When The Journal posted the breaking news of the death of Merle Forbes of Platteville and the arrest of Timmy Lansing Johnson Jr. Friday, one of the comments said: “I guess that Platteville is not Mayberry.”
This might seem harsh from someone who’s lived here for just two years, but: When was this ever Mayberry?
This year is the 50th anniversary of the death of UW–Platteville student Kathleen Moan, shot to death by her would-be suitor. In 1990, Grant County Deputy Sheriff Tom Reuter, who grew up near Platteville, was shot to death while checking out what appeared to be a disabled tractor on the side of a road. And within the past two years, we’ve witnessed the murders of three little boys and their unborn sister by their father and uncle, as well as the murders of three people in the Town of Wayne in what apparently was a completely random act.
Those are the murders. On a lesser scale of severity (though their victims might dispute that), there is Robert VanNatta, who got 15 years in prison for charges that could have gotten him 907½ years in prison. Last week, Platteville police arrested Drew Montana Striegel of Rice Lake, who despite being 20 years old had already managed to earn two violent felony convictions. Two weeks earlier, police arrested Brandon Loken, who faces felony drug charges for allegedly manufacturing methamphetamine yards away from St. Mary Catholic Church and the O.E. Gray school building. I don’t mean to prejudge the journey of Donald Tweedy through the criminal justice system, but if you’re being charged with felonies before your 18th birthday, that’s not an optimistic predictor of your future. And this newspaper unfortunately includes stories of people with extensive criminal records who while out on bond or bail for other alleged criminal activities, or recently after getting released from incarceration for previous criminal activities, get arrested for more alleged criminal activities.
One question being asked repeatedly is why Johnson — who was due in Lafayette County Circuit Court this morning on two car theft charges and eight counts of felony bail jumping — was allowed out of jail in the first place. Johnson was sentenced to five years probation, including 24 days in jail, on felony bail jumping, bribery of a public official, felony driving and operating a vehicle without consent, misdemeanor taking and driving a vehicle without consent, misdemeanor bail jumping, disorderly conduct, fraud on a taxicab operator as a repeater, and two counts of resisting or obstructing an officer. The answer, I suppose, is that none of them are considered violent crimes, though those last two charges were for an incident in the Grant County Jail.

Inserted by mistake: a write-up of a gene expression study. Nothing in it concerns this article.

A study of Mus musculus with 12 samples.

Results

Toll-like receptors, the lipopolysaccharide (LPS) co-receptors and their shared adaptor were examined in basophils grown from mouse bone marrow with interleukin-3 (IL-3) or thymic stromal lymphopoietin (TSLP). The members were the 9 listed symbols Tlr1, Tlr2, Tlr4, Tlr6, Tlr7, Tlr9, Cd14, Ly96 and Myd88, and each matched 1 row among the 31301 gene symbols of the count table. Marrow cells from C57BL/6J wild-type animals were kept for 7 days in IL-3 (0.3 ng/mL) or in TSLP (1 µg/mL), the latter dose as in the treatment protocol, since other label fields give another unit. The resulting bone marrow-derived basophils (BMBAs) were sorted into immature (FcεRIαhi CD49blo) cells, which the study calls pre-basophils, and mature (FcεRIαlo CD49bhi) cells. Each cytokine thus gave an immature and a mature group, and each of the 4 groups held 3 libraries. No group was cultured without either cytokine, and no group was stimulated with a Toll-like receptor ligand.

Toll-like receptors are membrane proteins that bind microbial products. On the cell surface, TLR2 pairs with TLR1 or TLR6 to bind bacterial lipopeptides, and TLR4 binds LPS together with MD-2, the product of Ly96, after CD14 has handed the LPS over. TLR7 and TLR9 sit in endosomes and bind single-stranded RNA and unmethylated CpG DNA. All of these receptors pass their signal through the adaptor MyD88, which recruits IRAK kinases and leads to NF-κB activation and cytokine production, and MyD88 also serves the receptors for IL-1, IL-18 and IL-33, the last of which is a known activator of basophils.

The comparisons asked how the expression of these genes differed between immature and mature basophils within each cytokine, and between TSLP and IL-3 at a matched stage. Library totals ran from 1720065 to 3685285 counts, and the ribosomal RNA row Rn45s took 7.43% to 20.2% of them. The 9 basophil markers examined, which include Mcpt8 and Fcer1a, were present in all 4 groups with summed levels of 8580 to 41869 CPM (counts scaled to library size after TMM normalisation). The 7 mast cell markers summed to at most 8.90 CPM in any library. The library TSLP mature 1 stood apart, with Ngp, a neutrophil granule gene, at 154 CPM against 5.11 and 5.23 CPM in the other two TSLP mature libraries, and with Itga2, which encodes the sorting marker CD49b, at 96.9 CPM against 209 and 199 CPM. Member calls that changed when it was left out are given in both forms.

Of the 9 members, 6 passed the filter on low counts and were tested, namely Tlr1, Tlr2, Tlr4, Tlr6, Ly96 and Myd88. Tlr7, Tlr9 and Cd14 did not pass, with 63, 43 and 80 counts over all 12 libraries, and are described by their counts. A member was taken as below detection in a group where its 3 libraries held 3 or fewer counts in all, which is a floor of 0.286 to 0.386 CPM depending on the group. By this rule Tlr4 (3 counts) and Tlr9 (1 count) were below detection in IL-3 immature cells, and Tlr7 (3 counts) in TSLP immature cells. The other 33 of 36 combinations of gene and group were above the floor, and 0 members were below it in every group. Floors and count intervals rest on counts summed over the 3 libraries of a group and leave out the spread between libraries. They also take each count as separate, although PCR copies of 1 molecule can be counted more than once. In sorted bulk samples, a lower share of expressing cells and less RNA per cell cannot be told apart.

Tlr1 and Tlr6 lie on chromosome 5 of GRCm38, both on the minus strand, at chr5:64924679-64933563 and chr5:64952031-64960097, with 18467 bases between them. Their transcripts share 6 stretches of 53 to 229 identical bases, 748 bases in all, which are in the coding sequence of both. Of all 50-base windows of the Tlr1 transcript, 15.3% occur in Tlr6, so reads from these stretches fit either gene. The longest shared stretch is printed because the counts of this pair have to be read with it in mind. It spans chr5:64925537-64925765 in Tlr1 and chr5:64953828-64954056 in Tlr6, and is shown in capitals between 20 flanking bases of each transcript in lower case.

You may have read commentaries about how the U.S. has one of the highest prison populations in the world, and how we incarcerate so many people, and how we don’t use non-prison sentencing alternatives enough. That makes for an interesting argument, with some validity in some instances. It is an inarguable fact, however, that, based on the alleged facts, if Johnson hadn’t been let out of jail Thursday, Merle Forbes wouldn’t have died Thursday overnight.
It’s easy to second-guess the decisions of those who prosecute and determine punishment for criminals. But it’s also easy to place the criminal justice system on a pedestal and dismiss the questions of those whose taxes pay for our criminal justice system by asserting they don’t know what it’s really like.
It seems, at least to someone who follows the activities of police and the court system as part of his job responsibilities, that most of the people who end up in the court system aren’t there for the first time. Yes, Johnson, Loken and Striegel are innocent until proven guilty in a court of law. But what each has in common is that each has a substantial criminal record for people who are, in order, 25, 25 and 20, regardless of what happens in their respective court cases.
I’d suggest more police if I thought that would solve the crime problem, but I’m not sure it would. The number of school shootings, despite the multitude of laws making school shootings (and often the firearms used in those shootings) illegal, demonstrates that criminals are not generally deterred by laws; they’re only deterred by the probability of getting caught. Those of us who respect and generally follow the law deserve to be safe from the bad guys, and yet not intimidated by, as you see in some areas (not here), police outfitted like an invasion force instead of as peace officers.
I’d suggest Wisconsin institute the death penalty, except that one of the reasons to not have the death penalty is that to be effective as a deterrent, it would have to be applied often, and to crimes most people don’t think of as capital crimes. Wisconsin was the next to last state to legalize concealed-carry of firearms, and you can wonder why more people don’t concealed-carry given what appears to be an increase in what you might call infamous crime, regardless of what crime rates claim is happening.
I wrote a column like this after the death of the Thoresons in 2013. At the time, I said I didn’t have an answer for all of this. I still don’t.